Introduction to the Healing Stories Created with Poetic Transcription
By Sharyl Eve Toscano, Ph.D. Page 1 of 2   Next ยป


Sharyl Eve Toscano, Ph.D.

I spent several years as the faculty in residence of the Honors College's residence hall at the University of Vermont. The Honors College students might recall the pancake or chili feed nights in the dorm as the highlight of this program, but another night stands out in my memory.

I walked into the dorm lounge to find the room packed full of eager faces. My immediate thought was, “oh no, they thought this was the chili feed night." Instead, I had been asked to help facilitate a discussion on dating violence for one of the education seminars offered in the dorm. After speaking with the student organizers, it was decided to veer away from the group's standard presentation style and instead our advertisements invited students to the reading of a poem about dating violence. As a nurse who engages teens and young adults in conversations about relationships and dating, I found the experience that night particularly profound.

There was a palpable energy in the room as the poem was read. After the reading, there was an intense quiet. What followed was an explosion of observations, ideas, and reflections. The entire room continued to be actively engaged. No one left or even temporarily stepped out. This is how I discovered this novel approach to anticipatory guidance. The students brought up all the topics I would have included in a standard presentation, but with their own analysis and without any prompting beyond the poem. The power in the poem is the ability of poetic transcription to capture a lived experience and contribute to the healing process.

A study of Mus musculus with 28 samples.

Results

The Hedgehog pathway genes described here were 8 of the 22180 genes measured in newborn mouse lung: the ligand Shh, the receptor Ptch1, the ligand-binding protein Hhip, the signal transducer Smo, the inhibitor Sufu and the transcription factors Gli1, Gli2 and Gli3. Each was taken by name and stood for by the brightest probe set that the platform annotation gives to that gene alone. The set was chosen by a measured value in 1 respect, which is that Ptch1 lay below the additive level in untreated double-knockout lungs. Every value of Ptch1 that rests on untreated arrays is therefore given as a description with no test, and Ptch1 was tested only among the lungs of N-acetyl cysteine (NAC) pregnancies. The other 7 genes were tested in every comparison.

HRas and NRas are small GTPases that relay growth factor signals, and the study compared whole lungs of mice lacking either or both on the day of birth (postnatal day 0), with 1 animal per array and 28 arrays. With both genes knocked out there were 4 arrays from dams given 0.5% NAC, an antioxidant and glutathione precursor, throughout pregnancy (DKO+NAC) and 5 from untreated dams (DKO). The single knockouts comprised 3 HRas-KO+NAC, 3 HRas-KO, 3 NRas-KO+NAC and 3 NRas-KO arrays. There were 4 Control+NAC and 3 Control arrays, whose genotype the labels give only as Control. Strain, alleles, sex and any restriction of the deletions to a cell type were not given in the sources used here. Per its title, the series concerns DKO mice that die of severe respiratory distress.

I composed this poetic transcription from one interviewee from a larger qualitative study aimed at describing adolescent dating relationships. The teenage girl’s words reflect common themes evident in violent relationships. In this process, the researcher begins with the interview transcript and follows with a chronologically ordered poetic representation of those data. The researcher creates a poem by eliminating and rearranging words. In the end, the poem is a representation or “third voice” that incorporates the interviewee and the researcher. Words, emotions, and the rhythm of speaking all interconnect in this process (Glesne, 1997). Poetic transcription is a focus on the essential story.  What follows is Trisha’s story.

About the Author: Dr. Sharyl Toscano is a UAA (University of Alaska Anchorage) nursing professor who introduces poetic transcription as a means to provide anticipatory guidance to teens and young adults.